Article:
Papua New Guinea: Sustainable Palm Oil
With over 850 different languages being spoken domestically, Papua New Guinea is surely a country rich in its ethnic diversity. Besides, it is also a country with more of Asia Pacific’s remaining rainforests than anywhere else.
Given the vast number of Papua New Guineans residing in 36.5 million hectares of untapped rainforests throughout the nation, these natural resources also play a critical role in the livelihood of its denizens. 87% of the nation’s 9 million citizens rely on these spaces as habitat, food, and way of life.
Not to mention its cultural and social values, the rainforests of Papua New Guinea also play a direct role in supporting the livelihoods of rural communities. With more than 500 species of wild plants being consumed as food, the value of bush meat found in these areas is also estimated to be $26 million if alternative meats had to be sourced.
These wild places are also relied upon for palm oil, the largest produced agricultural commodity in the country. In 2017, palm oil production contributed to $344 million of the country’s total export earnings, providing employment to upwards of 200,000 Papua New Guineans.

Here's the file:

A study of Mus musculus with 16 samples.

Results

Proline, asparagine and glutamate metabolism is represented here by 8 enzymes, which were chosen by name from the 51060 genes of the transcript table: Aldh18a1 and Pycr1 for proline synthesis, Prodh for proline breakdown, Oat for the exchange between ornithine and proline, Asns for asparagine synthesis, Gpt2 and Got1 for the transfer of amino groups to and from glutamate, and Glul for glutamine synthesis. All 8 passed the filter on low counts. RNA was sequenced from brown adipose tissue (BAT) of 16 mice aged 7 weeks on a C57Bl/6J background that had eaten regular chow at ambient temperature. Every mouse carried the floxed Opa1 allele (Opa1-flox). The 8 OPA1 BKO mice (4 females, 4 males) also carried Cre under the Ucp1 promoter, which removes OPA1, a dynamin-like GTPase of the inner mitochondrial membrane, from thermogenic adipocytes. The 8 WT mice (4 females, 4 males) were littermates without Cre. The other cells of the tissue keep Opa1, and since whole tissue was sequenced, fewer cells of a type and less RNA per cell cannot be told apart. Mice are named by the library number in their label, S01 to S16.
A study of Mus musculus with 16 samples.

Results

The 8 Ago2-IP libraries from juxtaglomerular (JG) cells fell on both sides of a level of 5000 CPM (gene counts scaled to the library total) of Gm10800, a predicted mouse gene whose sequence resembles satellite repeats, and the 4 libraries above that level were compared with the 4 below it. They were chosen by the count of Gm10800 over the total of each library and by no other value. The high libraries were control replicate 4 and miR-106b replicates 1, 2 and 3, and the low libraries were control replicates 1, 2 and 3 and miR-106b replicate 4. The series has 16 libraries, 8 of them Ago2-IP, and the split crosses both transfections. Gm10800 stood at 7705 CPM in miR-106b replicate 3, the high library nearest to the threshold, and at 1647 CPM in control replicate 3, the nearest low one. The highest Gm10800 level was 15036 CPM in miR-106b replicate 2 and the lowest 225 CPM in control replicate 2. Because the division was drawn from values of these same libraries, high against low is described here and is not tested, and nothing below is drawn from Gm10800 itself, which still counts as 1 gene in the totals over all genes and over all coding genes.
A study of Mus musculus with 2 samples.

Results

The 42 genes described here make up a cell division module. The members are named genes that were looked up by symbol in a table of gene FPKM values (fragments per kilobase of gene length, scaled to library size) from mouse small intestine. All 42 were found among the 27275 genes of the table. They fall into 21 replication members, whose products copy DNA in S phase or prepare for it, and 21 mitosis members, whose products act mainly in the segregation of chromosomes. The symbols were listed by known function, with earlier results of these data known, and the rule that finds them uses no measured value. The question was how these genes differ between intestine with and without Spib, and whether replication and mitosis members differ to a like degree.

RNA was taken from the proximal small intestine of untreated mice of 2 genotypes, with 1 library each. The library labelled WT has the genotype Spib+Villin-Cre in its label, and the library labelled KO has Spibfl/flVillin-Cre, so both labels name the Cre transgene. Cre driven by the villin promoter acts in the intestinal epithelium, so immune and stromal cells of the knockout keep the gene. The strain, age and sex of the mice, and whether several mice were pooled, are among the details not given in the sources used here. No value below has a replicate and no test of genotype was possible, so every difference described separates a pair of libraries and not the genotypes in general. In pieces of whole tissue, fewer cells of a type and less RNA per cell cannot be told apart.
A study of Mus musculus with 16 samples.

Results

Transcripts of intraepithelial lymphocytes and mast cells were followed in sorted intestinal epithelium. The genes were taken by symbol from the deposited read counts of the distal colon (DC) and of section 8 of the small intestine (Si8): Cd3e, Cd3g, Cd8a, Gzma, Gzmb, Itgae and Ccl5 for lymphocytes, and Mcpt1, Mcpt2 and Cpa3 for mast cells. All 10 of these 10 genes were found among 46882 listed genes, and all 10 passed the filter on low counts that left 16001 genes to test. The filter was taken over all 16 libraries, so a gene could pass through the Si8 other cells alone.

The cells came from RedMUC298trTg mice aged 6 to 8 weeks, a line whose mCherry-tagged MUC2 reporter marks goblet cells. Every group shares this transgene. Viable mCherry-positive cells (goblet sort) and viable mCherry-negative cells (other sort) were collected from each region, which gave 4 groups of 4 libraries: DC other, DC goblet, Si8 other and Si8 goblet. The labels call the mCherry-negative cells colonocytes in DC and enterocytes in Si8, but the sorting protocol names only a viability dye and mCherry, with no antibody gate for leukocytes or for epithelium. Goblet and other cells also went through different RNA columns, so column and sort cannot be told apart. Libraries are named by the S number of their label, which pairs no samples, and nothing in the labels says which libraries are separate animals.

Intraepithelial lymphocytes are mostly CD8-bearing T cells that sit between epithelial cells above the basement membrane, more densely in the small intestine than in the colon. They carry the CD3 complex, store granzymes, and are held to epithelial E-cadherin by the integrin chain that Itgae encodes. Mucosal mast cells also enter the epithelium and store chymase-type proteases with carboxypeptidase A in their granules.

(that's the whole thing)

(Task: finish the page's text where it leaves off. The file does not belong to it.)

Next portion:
Being widely recognised for the fact that 95% of the country’s palm oil is rated as sustainable, Papua New Guinea is a global leader in premium palm oil produce, but the recent introduction of the palm oil and logging industries have begun to put a serious strain on the once evergreen landscapes of the country.
Recognizing the need to address the challenge of keeping up with environmental conservation along with agricultural productivity, the UNDP Green Commodities Programme and the Government of the Papua New Guinea have started to work together. Funded by the UN REDD+ project and led by the Papuan Department of Agriculture and Livestock, the Papua New Guinea Palm Oil Platform (PNG POP) was launched in 2018 with strong commitment from the national government.
The main premise of PNG POP is to provide a space for dialogue, where businesses, government and civil society can come together to openly discuss challenges regarding sustainable palm oil production. This platform is designed in a way that these stakeholders may be able to develop a common vision and agenda, and ultimately implement them into a National Action Plan.
Sustainable palm oil production holds the potential to boost many of Papua New Guinea’s development goals. Not only does sustainable palm oil guarantee the conservation of the nation’s vital forest resources, it will also create numerous employment opportunities for PNG’s growing population. Above all, sustainable secure valuable international markets.